I need an explanation for this Political Science question to help me study.
Study Guide: Tobin Siebers, “Disability and the Theory of Complex Embodiment”
This essay, like Du Bois’s and Foucault’s, is very fundamental to us in this class in laying out key concepts and definitions that will help us in our work throughout the quarter. It also articulates the epistemology (way of knowing) in which we are engaging by looking at the social construction of bodies, representations of bodies, and lived (embodied) experience. It thus lays out the “theory of complex embodiment” that undergirds every discussion we will have, and, hopefully, your own analyses and BodyStories. Siebers is also very useful “in dialogue” with Foucault.
Please record in your notes the definition that Siebers gives for each of these very large concepts, referring to specific passages (and their page numbers) from the essay. Then, reflect in writing (after each definition) on how you see his definitions of these concepts at work as you look back at our discussions of the first short memoir pieces we have read.Talk about the ideology from the reading that I have attached. I also have an example below but this is another students answer and you can not use it. It is here as a reference of what kind of things to take away from the reading.
Siebers explains that our believing that the body “doesn’t matter” while simultaneously believing that it can/should be perfected shows how deep we are in ideological thought. We embrace this contradiction without questioning it because ideology does not permit the contradiction necessary to question it. Ideology creates, by its exclusionary nature, social locations outside of itself – in this case, the locations of ability vs. disability. Siebers calls us to critique the dominant ideology of ability, which is the preference for ablebodiedness that sets a certain standard for “humanness” and is consistently influencing the way we interact with the world. He also hopes that we can recognize the value of disability outside the shadow of ability, raising awareness and helping us understand humanity and embodiment in a more nuanced way (p. 2-3).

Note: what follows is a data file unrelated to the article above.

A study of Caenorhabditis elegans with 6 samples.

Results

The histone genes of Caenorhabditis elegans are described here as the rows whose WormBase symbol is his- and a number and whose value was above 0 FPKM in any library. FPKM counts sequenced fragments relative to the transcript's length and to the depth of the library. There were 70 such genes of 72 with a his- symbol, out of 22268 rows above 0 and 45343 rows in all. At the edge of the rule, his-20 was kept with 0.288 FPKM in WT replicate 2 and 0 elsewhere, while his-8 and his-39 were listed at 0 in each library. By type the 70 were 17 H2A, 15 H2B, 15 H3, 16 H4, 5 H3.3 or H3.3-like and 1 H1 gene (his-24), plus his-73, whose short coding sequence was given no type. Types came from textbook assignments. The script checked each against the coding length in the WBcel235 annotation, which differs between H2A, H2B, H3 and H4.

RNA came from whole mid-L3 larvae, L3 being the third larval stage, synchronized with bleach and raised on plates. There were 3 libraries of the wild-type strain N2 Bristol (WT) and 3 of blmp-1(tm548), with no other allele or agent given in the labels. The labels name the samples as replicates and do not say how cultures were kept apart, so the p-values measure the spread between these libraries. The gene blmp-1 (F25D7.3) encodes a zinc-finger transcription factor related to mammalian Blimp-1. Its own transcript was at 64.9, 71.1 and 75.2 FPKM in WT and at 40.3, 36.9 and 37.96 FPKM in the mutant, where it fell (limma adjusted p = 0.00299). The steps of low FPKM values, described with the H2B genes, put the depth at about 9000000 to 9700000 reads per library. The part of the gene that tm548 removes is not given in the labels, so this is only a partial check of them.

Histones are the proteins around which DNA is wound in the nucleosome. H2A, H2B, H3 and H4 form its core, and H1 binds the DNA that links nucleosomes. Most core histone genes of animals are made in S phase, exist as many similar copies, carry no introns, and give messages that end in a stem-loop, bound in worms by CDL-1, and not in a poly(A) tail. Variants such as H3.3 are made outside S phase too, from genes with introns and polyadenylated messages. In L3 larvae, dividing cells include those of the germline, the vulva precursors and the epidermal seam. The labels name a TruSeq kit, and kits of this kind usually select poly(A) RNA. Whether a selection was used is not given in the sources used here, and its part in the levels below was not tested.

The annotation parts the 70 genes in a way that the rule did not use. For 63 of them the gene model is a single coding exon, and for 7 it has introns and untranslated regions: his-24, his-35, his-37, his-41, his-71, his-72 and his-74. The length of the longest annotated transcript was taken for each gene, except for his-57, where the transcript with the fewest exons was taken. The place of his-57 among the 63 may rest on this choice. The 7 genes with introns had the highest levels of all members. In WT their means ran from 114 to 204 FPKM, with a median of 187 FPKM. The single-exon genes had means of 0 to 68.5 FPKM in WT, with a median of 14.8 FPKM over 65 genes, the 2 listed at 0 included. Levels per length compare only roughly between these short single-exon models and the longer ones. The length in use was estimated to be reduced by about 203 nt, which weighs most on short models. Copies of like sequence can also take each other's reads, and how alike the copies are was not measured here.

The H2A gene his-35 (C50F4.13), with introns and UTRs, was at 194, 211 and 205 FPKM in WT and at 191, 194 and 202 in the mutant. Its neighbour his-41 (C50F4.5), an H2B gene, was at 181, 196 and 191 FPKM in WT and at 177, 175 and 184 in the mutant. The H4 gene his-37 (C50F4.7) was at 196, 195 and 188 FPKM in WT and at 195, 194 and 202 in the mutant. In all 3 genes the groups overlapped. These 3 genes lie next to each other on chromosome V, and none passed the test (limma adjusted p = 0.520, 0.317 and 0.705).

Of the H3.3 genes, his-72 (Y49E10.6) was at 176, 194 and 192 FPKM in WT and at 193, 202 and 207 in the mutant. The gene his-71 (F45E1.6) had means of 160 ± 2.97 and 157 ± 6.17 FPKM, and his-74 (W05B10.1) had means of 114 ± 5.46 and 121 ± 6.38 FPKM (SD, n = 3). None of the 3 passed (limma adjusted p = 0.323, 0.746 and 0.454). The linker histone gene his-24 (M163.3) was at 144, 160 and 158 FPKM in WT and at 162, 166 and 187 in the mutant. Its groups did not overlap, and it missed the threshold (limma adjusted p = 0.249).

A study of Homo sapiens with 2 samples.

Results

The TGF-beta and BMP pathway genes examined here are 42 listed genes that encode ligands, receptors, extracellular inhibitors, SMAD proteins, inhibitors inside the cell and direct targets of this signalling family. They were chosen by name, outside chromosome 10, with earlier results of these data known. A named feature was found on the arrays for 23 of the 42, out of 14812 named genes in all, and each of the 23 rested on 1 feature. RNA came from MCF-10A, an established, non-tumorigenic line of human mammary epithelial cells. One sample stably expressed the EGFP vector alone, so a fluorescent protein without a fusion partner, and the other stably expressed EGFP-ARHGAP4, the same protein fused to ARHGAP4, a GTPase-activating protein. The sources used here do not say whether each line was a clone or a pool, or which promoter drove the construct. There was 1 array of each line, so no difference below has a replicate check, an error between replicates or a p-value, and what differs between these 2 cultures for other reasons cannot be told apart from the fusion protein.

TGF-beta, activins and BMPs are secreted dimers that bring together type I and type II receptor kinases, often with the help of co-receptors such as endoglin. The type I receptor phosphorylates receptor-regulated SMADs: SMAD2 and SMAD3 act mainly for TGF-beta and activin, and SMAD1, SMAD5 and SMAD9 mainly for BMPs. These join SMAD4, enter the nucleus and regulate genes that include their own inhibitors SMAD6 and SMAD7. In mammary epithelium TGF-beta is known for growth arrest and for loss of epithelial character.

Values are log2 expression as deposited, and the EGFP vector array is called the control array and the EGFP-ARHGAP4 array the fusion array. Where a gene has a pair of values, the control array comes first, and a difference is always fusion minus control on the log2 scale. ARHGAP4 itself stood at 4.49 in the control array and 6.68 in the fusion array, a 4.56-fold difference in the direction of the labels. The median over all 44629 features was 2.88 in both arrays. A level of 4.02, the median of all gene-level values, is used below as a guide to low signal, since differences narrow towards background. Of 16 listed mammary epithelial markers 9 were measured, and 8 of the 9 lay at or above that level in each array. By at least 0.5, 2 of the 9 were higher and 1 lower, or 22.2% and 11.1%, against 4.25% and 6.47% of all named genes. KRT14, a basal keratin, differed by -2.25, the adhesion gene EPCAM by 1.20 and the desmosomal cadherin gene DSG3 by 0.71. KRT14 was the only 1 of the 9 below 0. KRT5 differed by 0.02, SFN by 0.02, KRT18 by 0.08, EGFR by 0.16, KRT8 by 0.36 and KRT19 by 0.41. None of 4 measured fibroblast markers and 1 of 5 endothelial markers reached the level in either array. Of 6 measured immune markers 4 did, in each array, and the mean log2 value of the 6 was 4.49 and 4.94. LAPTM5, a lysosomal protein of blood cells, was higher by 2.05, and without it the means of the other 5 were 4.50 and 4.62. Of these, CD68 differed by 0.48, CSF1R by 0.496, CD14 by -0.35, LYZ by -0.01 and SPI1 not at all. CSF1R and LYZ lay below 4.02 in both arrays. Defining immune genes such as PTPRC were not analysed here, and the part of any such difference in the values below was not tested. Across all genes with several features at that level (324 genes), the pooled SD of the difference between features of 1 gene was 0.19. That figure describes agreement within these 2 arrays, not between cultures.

Thinking about the dominant narrative of ablebodiedness and the privileges associated makes me think of the work we’ve done discussing the dominant narrative of whiteness and the privileges associated with it. These ideologies govern our thoughts and actions so deeply that it can be genuinely difficult to take a step back and analyze their influence. This is, however, a necessary step in dismantling the power hierarchy and oppression of the “other” (BIPOC, people w/ disability) that our oblivion maintains.